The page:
Eyes on the Street: New First Street Protected Bike Lane into DTLA
There are new protected bike lanes on First Street extending from Boyle Heights to Little Tokyo. Right now, the project is only on the westbound lane, heading into downtown.
The new lane extends 0.6-mile from Mission Road to Alameda Street. On the First Street Bridge, the lanes have a wide buffer – perhaps a sign that some protection is coming soon? West of the bridge, the lanes are protected by plastic bollards. The facility includes a bus-boarding island near Alameda.
1st street protected bike lanes and bus island!!
East LA now has one safe route across the river to downtown pic.twitter.com/KrSNmldped
— josh vredevoogd (@jawshv) April 20, 2022
Over 12 years since the passage of the 2010 LA bike plan, for the first time ever, there’s now a bike lane between the eastside of LA and downtown with the installation of a protect bike lane on the 1st street bridge pic.twitter.com/5KSYY8bANU
— Hunter Owens (@hunter_owens) April 23, 2022
The new lane is part of Metro’s Little Tokyo/Arts District Eastside Access Improvements, a project that is implementing several walk and bike first/last mile connections to the Regional Connector subway, opening this Fall. The new bike lane is right where the Regional Connector tracks go underground – on First near Garey Street. The Eastside Access project most prominently includes a walk/bike esplanade along the east side of Alameda Street (including in the location where the former Little Tokyo Gold Line Station was). The esplanade will connect to the new First Street bike lanes.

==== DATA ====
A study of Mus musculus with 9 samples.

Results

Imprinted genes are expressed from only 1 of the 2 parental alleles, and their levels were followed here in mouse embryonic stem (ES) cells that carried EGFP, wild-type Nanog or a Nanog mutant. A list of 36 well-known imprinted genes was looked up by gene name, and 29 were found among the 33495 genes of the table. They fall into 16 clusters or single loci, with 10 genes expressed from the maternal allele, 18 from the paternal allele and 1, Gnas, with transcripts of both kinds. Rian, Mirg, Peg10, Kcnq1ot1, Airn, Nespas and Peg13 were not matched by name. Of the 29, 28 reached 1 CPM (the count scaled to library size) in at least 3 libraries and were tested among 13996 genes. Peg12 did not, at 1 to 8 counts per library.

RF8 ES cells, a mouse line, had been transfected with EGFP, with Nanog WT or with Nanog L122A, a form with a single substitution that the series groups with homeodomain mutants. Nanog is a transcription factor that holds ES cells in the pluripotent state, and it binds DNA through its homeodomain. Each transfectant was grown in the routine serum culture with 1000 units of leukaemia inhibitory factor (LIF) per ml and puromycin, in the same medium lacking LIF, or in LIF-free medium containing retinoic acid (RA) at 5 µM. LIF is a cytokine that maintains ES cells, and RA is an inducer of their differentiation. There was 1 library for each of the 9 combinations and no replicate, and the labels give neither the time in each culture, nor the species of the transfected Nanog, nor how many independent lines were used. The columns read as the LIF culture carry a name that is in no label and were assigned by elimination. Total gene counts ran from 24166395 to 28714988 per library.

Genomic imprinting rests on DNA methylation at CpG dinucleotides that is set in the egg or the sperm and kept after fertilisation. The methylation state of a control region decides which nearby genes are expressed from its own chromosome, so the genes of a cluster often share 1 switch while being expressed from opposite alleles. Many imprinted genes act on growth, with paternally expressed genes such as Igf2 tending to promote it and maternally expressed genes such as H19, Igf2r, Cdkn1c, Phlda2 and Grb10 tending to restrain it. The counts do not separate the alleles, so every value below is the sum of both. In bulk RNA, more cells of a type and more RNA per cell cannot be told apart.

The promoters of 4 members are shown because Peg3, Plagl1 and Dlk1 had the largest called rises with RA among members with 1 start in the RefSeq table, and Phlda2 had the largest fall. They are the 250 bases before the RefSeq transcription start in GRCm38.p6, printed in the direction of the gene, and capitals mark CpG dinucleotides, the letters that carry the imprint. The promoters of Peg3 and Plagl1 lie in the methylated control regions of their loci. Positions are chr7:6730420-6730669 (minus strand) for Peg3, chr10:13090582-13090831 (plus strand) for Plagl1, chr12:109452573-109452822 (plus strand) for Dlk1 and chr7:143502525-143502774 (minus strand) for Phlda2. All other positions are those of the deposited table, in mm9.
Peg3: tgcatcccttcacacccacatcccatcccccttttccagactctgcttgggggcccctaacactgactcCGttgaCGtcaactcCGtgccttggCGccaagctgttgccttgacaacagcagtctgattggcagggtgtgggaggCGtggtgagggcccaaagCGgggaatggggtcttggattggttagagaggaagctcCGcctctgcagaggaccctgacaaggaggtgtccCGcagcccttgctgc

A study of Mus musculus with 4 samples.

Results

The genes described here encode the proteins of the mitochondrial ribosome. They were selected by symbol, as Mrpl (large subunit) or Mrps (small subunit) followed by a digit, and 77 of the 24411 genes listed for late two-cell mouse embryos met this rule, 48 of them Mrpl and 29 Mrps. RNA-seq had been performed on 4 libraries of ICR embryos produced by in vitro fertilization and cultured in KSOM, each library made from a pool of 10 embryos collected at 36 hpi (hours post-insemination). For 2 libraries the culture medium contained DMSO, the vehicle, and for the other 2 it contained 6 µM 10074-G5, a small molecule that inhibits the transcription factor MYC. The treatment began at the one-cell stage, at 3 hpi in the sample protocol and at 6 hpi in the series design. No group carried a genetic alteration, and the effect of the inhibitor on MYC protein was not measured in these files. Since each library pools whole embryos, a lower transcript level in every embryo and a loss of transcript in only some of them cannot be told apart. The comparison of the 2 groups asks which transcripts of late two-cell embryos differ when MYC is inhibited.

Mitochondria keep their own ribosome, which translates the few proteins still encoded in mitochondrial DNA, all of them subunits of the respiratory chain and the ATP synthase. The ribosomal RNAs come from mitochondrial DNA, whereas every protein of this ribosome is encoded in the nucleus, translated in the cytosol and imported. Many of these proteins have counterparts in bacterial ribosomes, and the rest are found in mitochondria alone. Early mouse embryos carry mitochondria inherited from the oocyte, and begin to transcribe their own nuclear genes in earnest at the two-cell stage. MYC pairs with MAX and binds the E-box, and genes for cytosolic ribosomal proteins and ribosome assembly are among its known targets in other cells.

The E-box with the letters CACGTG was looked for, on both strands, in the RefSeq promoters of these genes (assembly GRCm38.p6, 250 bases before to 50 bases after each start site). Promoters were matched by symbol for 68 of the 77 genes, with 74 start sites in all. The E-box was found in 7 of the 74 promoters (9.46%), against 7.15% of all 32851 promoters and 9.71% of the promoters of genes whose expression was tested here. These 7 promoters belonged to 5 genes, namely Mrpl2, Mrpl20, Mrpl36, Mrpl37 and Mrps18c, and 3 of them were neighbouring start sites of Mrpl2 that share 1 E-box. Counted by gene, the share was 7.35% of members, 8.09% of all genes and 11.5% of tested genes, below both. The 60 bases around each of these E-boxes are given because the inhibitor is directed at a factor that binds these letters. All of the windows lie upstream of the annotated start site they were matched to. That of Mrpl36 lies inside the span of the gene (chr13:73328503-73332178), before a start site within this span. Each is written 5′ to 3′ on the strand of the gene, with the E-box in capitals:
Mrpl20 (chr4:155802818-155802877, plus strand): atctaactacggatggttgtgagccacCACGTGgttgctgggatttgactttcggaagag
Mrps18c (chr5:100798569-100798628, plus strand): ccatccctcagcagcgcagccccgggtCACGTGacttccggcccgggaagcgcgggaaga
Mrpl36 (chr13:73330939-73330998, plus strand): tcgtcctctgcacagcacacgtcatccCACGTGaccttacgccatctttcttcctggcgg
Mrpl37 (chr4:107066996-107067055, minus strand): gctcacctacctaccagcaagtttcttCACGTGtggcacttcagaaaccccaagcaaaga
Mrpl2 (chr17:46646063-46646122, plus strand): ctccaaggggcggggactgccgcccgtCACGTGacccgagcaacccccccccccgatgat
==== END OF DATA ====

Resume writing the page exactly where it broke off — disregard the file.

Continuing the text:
The new bike lane runs along a proposed transit-oriented joint development that would be on two properties, one (the new Little Tokyo Station) owned by Metro and the other (a larger parcel north of First and east of Alameda) owned by the city of Los Angeles. This week, the Metro board is expected to approve an item [Metro staff report] that would put an agreement in place for the city to proceed with a joint-development process for both sites. An earlier joint development proposal (for just the Metro site) failed to proceed due to Little Tokyo opposition.